Heir to FIAT fortune arrested for allegedly faking his own kidnapping

Police claim Lapo Elkann came up with the plot to cover debts accrued over a drug-fuelled weekend

Heir to FIAT fortune arrested for allegedly faking his own kidnapping

Lapo Elkann at the San Marino Grand Prix at Imola, Italy in 2004 [AP Photo/Alberto Pellaschiar/FILE]

According to New York police officers, one of the heirs to the Fiat motoring fortune, Lapo Elkann, has been arrested for allegedly faking his own kidnapping, after reports surfaced saying he was attempting to cover the expenses of a weekend of debauched partying.

According to a number of US media outlets, Elkann, who grandfather Gianni Agnelli founded the Italian motoring giant, tried to trick his family members into believing he had been kidnapped when he ran out of money to pay the costs of a weekend filled with drugs, alcohol, and sex workers.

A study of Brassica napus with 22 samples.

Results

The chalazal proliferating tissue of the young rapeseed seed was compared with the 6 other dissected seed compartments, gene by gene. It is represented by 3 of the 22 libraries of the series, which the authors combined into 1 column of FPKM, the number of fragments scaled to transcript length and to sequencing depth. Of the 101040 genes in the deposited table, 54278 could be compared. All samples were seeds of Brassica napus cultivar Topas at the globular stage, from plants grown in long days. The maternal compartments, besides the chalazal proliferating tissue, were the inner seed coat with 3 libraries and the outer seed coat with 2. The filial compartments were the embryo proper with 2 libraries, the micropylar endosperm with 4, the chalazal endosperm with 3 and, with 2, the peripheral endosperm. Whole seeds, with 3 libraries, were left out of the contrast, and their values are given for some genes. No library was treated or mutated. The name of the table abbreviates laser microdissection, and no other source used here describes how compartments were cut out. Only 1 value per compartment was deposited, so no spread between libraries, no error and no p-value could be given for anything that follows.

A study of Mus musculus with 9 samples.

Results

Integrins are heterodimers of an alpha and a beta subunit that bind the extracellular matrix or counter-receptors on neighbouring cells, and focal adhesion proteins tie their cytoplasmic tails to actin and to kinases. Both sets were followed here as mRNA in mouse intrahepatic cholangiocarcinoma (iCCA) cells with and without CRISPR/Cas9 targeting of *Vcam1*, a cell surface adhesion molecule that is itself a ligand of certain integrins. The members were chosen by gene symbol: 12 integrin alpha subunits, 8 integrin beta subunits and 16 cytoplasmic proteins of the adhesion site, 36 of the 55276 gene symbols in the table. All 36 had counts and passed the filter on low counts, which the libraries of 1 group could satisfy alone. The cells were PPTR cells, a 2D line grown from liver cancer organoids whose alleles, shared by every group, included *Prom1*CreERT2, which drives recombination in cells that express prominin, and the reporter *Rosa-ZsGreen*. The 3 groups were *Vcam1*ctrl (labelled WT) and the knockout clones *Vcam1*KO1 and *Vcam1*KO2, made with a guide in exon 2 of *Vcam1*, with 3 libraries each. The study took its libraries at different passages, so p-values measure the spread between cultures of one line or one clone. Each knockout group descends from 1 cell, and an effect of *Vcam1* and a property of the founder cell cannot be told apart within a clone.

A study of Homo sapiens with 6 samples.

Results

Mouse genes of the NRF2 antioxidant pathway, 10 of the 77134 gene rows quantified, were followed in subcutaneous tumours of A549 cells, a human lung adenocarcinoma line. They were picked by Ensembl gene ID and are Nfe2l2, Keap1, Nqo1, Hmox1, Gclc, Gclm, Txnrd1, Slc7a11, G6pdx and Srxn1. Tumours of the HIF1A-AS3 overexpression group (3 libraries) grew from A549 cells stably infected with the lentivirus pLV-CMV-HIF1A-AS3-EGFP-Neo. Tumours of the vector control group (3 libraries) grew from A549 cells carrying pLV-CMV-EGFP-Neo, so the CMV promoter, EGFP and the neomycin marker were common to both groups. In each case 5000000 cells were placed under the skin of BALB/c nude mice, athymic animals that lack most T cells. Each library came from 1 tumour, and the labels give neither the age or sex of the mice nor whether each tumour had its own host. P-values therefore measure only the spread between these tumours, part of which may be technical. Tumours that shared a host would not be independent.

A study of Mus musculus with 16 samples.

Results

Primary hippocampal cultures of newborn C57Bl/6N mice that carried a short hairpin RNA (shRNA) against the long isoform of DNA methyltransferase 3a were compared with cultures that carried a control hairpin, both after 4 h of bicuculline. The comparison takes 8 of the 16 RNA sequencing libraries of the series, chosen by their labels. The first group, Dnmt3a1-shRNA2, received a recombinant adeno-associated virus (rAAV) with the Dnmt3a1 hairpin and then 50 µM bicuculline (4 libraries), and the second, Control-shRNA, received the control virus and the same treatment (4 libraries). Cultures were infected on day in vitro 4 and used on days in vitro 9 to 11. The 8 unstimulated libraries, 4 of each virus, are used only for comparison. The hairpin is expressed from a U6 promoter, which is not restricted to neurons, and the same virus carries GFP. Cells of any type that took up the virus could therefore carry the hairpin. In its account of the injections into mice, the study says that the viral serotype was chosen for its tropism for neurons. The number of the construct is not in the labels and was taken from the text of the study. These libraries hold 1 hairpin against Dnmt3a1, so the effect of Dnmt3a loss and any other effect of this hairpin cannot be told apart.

Having run out of cash after a two-day bender during which he allegedly consumed a cocktail of alcohol, marijuana and cocaine, the 39-year-old Italian-American concocted a plan to call his family to demand a $10,000 (€9,420) ransom for his safe return. His arresting officers contend that Elkann planned to use this money to procure more narcotics, according to the US media.

But after receiving the call, Elkann’s family alerted the police, who arrested him after determining his claims to be false. He must now appear before a New York court in the new year for falsely reporting an incident.

Elkann’s brother John took over the reins of the Agnelli empire in May 2008 after being named the head of the company that managed the family’s holdings. The family still controls a 30% stake in Fiat, which saw revenues in 2015 reach €113bn.

Elkann has a history as a playboy on the New York scene and made headlines in 2005 when he slipped into a coma after taking a drug overdose. He briefly held a job in Fiat’s marketing department, but has since left the business side of the company.

Elkann’s great-great grandfather Giovanni Agnelli founded the Fabbrica Italiana Automobili Torino, or FIAT, in Turin, Italy in 1899. The company rose to international prominence under the stewardship of the late Gianni, whose fortune made him of the richest men in Italy and the world. The family also owns the Turin newspaper La Stampa and the football club Juventus.